When writing a comedy set, a comedian has to decide the right balance of one-liners, riffs and personal stories. Some comics overburden their sets with one-liner after one-liner, leaving the audience hungry for a main course, while others may end up with long rambling stories that don’t pay off. Of course, the safe formula, and what most comics do, is go right to the middle, telling humorous stories and riffs in five to ten minute segments with some one-liners peppered in. But while this formula works, it’s almost too familiar.
Comic Mike Birbiglia chose to break from this formula with his 2010 set “Sleepwalk With Me,” and the results were phenomenal. In it, he masterfully pulls stories from throughout his life into a side-splitting, unified and ultimately poignant narrative. It’s hardly surprising to learn that “Sleepwalk With Me” marked the beginning of Birbiglia’s sort-of partnership with Ira Glass of WBEZ’s “This American Life.” The style taken by Birbiglia in “Sleepwalk With Me” feels like what “This American Life” would be if it were a comedy show: a series of loosely connected stories forming a much larger, more meaningful and more hilarious whole.
Recently, on NPR’s “Ask Me Another,” Birbiglia spoke about his collaborations with Glass. “A few times a year I’ll go in and I’ll pith a story [to Ira], and he’ll be like, ‘No…’.” Birbiglia noted that Glass will probe further into his stories, in which usually “‘there’s no way [he] would talk about that on the radio because it’s too personal, it’s uncomfortable,’ and [Glass] is like ‘Yeah, that’s the story [you’re going to tell].’” Birbiglia and Glass also worked together to create the film adaptation of “Sleepwalk With Me,” released in 2012. It’s easy to see Glass’s influence on Birbiglia with his genre-busting “Sleepwalk With Me” show. With his first follow up show, it’s easy to wonder if Birbiglia can match his breakout performance. Having spent over two years focusing on the one story, you might think him to be a one-hit wonder.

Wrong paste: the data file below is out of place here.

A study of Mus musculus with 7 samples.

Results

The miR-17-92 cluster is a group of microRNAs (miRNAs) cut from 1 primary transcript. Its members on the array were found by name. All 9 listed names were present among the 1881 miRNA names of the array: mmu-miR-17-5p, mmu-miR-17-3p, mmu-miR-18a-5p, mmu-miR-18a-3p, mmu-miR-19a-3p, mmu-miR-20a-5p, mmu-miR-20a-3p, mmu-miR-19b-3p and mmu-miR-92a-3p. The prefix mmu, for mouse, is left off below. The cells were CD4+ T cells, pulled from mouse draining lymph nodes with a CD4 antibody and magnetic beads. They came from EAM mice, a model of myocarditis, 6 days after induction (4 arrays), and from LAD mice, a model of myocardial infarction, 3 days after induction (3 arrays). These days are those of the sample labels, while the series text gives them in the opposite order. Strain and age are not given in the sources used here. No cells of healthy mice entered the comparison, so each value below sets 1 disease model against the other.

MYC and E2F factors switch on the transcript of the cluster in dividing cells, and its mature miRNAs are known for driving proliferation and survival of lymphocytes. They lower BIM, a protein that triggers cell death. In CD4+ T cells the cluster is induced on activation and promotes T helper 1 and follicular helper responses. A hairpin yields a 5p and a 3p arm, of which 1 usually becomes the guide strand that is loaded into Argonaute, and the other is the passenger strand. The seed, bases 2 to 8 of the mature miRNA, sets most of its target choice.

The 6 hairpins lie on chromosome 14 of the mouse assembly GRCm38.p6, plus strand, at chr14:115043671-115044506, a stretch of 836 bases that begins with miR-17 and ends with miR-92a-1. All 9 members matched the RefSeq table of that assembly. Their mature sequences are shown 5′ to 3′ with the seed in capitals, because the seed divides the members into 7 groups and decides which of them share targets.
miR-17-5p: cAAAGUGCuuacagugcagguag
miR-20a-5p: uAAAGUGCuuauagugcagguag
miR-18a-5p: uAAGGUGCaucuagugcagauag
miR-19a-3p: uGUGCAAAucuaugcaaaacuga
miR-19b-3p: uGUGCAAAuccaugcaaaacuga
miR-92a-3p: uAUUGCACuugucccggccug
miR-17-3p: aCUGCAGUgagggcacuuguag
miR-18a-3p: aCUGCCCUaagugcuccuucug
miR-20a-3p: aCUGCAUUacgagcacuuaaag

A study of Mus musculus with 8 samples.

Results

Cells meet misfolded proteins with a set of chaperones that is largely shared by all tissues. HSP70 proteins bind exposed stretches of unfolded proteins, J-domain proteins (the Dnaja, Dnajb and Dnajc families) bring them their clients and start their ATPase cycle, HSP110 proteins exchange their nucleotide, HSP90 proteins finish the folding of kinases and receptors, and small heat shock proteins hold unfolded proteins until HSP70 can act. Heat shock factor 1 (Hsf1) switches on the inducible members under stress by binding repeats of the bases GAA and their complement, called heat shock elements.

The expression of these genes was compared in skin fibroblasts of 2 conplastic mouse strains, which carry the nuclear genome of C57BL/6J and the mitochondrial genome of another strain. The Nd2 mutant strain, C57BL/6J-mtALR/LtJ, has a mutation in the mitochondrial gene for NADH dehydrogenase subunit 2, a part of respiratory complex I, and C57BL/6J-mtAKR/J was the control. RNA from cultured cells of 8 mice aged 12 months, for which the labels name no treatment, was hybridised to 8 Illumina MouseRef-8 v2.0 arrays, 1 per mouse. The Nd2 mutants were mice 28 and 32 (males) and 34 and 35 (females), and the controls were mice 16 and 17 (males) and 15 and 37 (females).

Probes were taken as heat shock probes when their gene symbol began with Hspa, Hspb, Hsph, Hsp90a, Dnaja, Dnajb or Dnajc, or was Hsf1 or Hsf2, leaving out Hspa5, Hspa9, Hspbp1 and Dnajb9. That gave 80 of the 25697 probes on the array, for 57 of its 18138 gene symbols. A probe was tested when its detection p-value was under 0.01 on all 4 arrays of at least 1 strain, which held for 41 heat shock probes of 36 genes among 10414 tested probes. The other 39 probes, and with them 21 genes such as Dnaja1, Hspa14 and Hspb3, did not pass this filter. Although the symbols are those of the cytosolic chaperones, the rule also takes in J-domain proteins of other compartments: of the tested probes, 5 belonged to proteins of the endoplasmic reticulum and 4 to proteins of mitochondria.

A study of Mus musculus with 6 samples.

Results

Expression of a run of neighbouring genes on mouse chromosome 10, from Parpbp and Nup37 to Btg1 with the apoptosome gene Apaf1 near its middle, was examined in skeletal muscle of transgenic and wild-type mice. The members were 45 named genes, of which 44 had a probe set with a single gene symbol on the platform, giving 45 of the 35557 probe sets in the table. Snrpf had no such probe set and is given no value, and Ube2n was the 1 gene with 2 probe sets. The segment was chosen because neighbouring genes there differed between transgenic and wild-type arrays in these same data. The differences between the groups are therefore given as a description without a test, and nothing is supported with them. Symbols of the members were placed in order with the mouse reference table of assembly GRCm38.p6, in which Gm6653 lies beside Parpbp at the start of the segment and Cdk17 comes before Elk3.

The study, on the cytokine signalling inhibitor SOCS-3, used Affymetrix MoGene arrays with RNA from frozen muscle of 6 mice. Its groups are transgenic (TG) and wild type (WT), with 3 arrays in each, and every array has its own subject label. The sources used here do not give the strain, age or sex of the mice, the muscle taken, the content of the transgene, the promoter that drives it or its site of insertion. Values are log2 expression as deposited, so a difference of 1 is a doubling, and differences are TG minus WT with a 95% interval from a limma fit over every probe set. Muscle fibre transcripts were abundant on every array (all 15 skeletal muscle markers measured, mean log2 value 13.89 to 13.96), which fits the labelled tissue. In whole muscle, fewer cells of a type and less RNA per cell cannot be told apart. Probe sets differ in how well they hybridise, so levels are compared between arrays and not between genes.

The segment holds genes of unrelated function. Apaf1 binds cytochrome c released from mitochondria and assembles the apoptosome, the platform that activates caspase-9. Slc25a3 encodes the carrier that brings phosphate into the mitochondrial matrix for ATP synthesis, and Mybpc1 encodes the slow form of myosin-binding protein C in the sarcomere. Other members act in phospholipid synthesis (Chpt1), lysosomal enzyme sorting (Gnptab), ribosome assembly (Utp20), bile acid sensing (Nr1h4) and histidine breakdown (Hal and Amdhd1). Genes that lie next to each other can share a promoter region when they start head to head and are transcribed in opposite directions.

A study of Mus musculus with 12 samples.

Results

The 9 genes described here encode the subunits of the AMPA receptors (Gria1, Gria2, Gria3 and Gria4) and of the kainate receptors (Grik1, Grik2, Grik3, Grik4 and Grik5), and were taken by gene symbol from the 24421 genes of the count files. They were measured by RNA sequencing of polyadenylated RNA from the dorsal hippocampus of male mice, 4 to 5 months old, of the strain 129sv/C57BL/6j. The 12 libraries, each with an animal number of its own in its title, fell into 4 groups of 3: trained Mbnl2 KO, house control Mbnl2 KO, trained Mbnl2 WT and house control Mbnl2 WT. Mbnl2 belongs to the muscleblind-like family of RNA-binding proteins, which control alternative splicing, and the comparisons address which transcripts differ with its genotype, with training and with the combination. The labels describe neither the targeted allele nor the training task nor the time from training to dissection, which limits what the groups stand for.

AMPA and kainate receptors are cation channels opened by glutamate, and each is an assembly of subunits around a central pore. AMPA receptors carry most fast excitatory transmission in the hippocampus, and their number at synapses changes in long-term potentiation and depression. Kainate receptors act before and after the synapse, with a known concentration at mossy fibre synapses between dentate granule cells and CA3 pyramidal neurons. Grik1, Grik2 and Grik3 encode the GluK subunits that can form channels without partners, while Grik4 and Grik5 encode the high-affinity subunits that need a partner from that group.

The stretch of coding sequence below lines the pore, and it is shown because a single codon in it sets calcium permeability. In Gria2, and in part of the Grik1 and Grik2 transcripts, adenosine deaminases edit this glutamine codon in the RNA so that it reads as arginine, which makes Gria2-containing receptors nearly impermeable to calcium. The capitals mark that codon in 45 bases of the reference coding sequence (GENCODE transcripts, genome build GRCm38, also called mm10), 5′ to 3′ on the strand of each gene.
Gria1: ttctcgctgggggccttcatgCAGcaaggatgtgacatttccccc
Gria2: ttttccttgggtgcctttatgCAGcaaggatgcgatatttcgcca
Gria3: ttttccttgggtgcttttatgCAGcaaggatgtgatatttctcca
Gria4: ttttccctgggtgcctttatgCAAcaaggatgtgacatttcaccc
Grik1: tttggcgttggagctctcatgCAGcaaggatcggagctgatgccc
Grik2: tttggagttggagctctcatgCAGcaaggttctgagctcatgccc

And yet that couldn’t be more wrong. With his latest set, “My Girlfriend’s Boyfriend,” it seems that Birbiglia has really begun to master the format he took with “Sleepwalk With Me.” Where in “Sleepwalk With Me” there are some jarring transitions between humor and sincerity, “My Girlfriend’s Boyfriend” walks a finer line. The show has an overall more serious feeling to it, but that’s not a bad thing. The show centers around Birbiglia’s struggles with love and belonging, and as such doesn’t feel solely like a comedy. Rather, Birbiglia has positioned himself as more mature than most other stand-up comics. Sure, he continues to use his exaggerated I-just-rolled-out-of-bed, unenunciated voice for laughs. But while he still often has the character voice of a teenager, Birbiglia seems to have grown tremendously in the past four years.
“My Girlfriend’s Boyfriend” is not flawless. Not all of his tales of woe and misadventures in trying to find love as are good as the rest, and there’s the occasional joke that falls flat. Despite these imperfections, it’s clear that Birbiglia is continuing to mature as a writer, comedian and individual at a rapid pace. He has an uncanny knack for making people not only laugh hysterically but also think introspectively. Birbiglia’s mixture of humor and earnestness is rare, and his shows are sure to please.